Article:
Q & A with AECI Group's Khosi Matshitse


Khosi says her consulting background has held her in good stead as an HR executive.

Khosi Matshitse, Group Executive Human Capital at the AECI Group, comes from management consulting background. She has worked for Deloitte and also worked for the company now known as Capgemini Consulting, where she worked in Leadership Development and Alignment as well as in Performance Management. It was there that she first began working on HR strategies and she learned how to communicate and mobilise organisations around Change and Change Management. CHRO SA met with Khosi to get her views on how the profession has evolved as her career progressed.

How has your management consulting background assisted you in your HR career?

My advantage of coming through management consulting is that I have had the opportunity of seeing business as a whole. Through the roles that I had when I was consulting, I have been able to also understand the interaction between those aspects of business and HR and bring the two together so, in as much as I’m not a finance specialist or an IT specialist, I have a deep understanding of those functions in so far as how they impact and influence HR and how HR impacts and influences them. So, it's been good for me in that regard.

Do you believe that corporate South Africa is sufficiently transformed, at least racially?

In terms of racial diversity, no one can argue that South Africa has not gotten there. Simply by virtue of the numbers, there has been a lot of progress. But I think we are still quite far behind in making those people feel included. That’s the conversation we need to have. It's not a rational thing, it's an emotional thing. We need to understand that, if a child grows up being conditioned to include certain kinds of people but exclude others, it becomes difficult when they are adults to start getting to that place where they have to begin including the people whose profiles that they had before been conditioned to exclude. And, while many organisations do give their employees diversity training, it’s very difficult to change people’s hearts, which is essentially what needs to happen. The question is, how do executive teams talk about changing the hearts of managers when their own hearts are not in the right place? That is why there is often an elephant in the boardrooms that never gets spoken about and years go by.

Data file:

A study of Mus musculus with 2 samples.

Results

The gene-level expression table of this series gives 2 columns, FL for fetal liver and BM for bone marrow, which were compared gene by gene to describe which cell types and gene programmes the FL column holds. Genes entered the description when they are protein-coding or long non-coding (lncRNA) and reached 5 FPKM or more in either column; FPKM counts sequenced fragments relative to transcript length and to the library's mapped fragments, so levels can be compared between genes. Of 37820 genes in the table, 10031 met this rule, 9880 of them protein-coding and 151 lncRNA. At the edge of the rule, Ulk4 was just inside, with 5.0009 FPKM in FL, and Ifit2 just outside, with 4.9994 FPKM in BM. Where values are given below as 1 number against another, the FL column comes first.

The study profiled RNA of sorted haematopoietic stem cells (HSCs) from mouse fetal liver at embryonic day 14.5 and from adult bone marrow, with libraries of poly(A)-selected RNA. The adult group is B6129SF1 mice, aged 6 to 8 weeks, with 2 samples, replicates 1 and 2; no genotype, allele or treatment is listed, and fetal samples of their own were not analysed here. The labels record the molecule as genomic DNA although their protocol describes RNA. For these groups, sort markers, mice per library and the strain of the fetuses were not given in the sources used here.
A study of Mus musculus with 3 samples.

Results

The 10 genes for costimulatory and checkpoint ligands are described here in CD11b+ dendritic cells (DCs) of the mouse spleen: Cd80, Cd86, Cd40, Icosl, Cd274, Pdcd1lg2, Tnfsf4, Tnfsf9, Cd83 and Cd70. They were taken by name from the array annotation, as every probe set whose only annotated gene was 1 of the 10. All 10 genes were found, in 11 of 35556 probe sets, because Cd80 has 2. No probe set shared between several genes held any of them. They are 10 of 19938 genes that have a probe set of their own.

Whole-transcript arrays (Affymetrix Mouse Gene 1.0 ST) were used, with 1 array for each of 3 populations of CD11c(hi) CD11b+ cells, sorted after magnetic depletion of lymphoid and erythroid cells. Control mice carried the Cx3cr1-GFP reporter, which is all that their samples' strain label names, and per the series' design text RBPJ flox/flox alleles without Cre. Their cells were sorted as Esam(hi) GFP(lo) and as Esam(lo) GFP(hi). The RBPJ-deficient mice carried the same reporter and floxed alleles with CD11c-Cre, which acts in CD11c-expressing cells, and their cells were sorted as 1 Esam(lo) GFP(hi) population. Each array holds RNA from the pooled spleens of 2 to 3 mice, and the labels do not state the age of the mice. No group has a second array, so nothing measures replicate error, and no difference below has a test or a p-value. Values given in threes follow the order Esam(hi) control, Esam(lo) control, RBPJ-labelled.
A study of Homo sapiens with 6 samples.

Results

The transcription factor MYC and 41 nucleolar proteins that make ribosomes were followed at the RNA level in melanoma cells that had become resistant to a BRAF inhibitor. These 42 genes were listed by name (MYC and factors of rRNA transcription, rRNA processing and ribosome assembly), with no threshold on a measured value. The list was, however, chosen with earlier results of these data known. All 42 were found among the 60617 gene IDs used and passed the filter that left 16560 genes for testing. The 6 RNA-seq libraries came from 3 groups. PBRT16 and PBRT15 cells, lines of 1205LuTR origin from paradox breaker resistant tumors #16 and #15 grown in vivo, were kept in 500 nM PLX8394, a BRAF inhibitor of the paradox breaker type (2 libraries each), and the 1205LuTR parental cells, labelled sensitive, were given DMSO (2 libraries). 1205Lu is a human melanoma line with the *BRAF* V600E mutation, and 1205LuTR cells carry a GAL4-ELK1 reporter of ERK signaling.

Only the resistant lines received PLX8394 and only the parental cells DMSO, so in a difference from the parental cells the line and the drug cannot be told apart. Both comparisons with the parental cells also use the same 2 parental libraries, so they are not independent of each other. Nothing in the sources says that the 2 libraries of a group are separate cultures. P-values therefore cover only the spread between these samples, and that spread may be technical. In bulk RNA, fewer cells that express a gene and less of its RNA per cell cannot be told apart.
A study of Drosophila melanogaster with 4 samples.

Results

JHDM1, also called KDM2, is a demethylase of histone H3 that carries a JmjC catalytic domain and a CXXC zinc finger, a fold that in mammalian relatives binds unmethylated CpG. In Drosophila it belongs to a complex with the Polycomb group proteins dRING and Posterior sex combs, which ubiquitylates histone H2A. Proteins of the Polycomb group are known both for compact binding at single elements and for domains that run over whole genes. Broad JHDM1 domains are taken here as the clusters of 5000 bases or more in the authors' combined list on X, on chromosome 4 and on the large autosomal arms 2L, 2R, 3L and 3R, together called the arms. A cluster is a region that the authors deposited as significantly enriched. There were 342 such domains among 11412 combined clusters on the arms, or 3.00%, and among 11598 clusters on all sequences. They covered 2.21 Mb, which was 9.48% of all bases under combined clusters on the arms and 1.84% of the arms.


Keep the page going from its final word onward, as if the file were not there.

Look there's some really good technology enabling happening there.  However, part of my more recent experience has been that unless a company jumped on the HR tech revolution in the late 90's into the 2000's, it will still be playing catch up. Many of the companies that jumped on that bandwagon back then are so much more mature now, having already implemented the latest developments and making the necessary adjustments to find technology solutions that work best for them that they are finding it so much easier to manage people. Some companies simply haven't even started that journey.

In terms of what we’ve been doing at AECI, we have a lot of highly skilled professionals really smart people. We’re a chemistry company and so we tend to recruit mainly people with those kinds of backgrounds as opposed to people that are more technologically inclined. The one obstacle is that the organisation, for whatever reason, just hasn't started on that journey. 

What do you feel are the obstacles to companies like yourselves adopting HR technologies?

There are bits and pieces of different innovations but it’s not yet a case of having up-to-date systems that help us to manage the HR function. Also, we've got many long-serving people who, for lack of a better word, don't know what's available out there. That's a debate we keep on having in my community; to say, ‘guys, this is the way the industry is heading in terms of technology and this is how it's going to make life easier for us as management and our employees.’ The responses we get to those kinds of conversations are usually questions about the value that such technology will bring into the company and how many rands the company will save. But I think, sometimes, it isn't always about saving rands. Sometimes you have to spend the money to see your return, and that's where we are at the moment.